April 24, 2024

29th Gift: R.U.N. Sheet

This week is part of a series called “29th Gifts.” Each month, around the 29th, we’re giving away a tool we’ve built for free or at a steep discount. Let’s dive into this week’s gift!

In Ei’s work with companies, one of the most common interactions to witness is when a team discusses if they should hire an intern. It usually goes something like this:

"Should we hire interns this summer?"

"Do we have budget?"

"Not sure."

"Do we have things they could help with?"


"Does anyone want to manage them?"


"Ok, maybe next year."

And that's because there is a lot of baggage around internships. For hosting companies, they take precious time, effort, and resources. Often, there is so little structure and so few shared norms that the quality for both the team and the intern varies drastically – from too much work and micromanagement to not enough.

Maybe there’s a better way

Instead of thinking of an internship as "just an internship," our challenge to any team or student is to start from a different place entirely. Consider creating projects rather than positions.

The benefits of a project-based approach:

  • Clearly defined goals and outcomes
  • Increased engagement and ownership for both the student and the company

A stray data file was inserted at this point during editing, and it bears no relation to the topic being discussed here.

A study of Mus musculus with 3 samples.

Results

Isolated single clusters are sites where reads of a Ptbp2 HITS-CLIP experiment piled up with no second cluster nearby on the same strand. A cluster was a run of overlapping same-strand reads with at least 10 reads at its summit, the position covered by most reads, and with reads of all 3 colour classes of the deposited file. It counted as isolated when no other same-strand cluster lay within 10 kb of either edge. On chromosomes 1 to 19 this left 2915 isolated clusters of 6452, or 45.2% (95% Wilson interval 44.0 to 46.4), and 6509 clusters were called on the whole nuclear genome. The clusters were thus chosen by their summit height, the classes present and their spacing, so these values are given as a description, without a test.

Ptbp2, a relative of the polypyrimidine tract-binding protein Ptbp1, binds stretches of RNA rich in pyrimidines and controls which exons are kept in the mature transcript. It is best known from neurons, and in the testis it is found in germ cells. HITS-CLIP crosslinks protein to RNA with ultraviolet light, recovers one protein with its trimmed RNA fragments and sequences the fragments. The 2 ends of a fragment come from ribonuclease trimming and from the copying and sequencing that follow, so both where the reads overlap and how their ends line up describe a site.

• Opportunities for real-world learning and skill development
  • Greater flexibility and adaptability to changing needs and circumstances

Going for a “R.U.N.”

With this shift in mind, we've designed a process and tool focused on helping you design those types of projects from either side, student or company. It's called R.U.N. — Research, Understand, Next Steps.

If you're part of a company, these are helpful questions to help you structure how you might work with individuals at any age on a short-term project basis.

The R.U.N. process consists of three sections:

  • Research: Gather information about your team’s goals, and how a future intern’s goals may align with your work.
  • Understand: Dig deeper into upcoming projects and needs, and what skills and experience an intern must have to succeed.
  • Next Steps: Discuss if there is a way to make a project happen and what both parties would need to do so.

If you don’t have a project in mind for your intern, working on this sheet together will help you ideate places where their work would be most meaningful. If you already have a project, these questions will help you come together on expectations and goals for the work so that everyone gets the most out of the experience.

The magic is in the collaboration – each side asks one another the questions from each section, and then they look for ways their needs and abilities overlap. You'll be looking for alignment before the project even begins!

Here's a quick look at the whole tool:

Currently, we teach this process with students at Stanford in our Design Formation program and with companies who are building onboarding programs for young talent. But it also works for anyone who is connecting with people they may want to bring on their team someday.

Now it's your turn. If you're preparing to work with an intern, download our designing internships worksheet here and let us know how it works for you!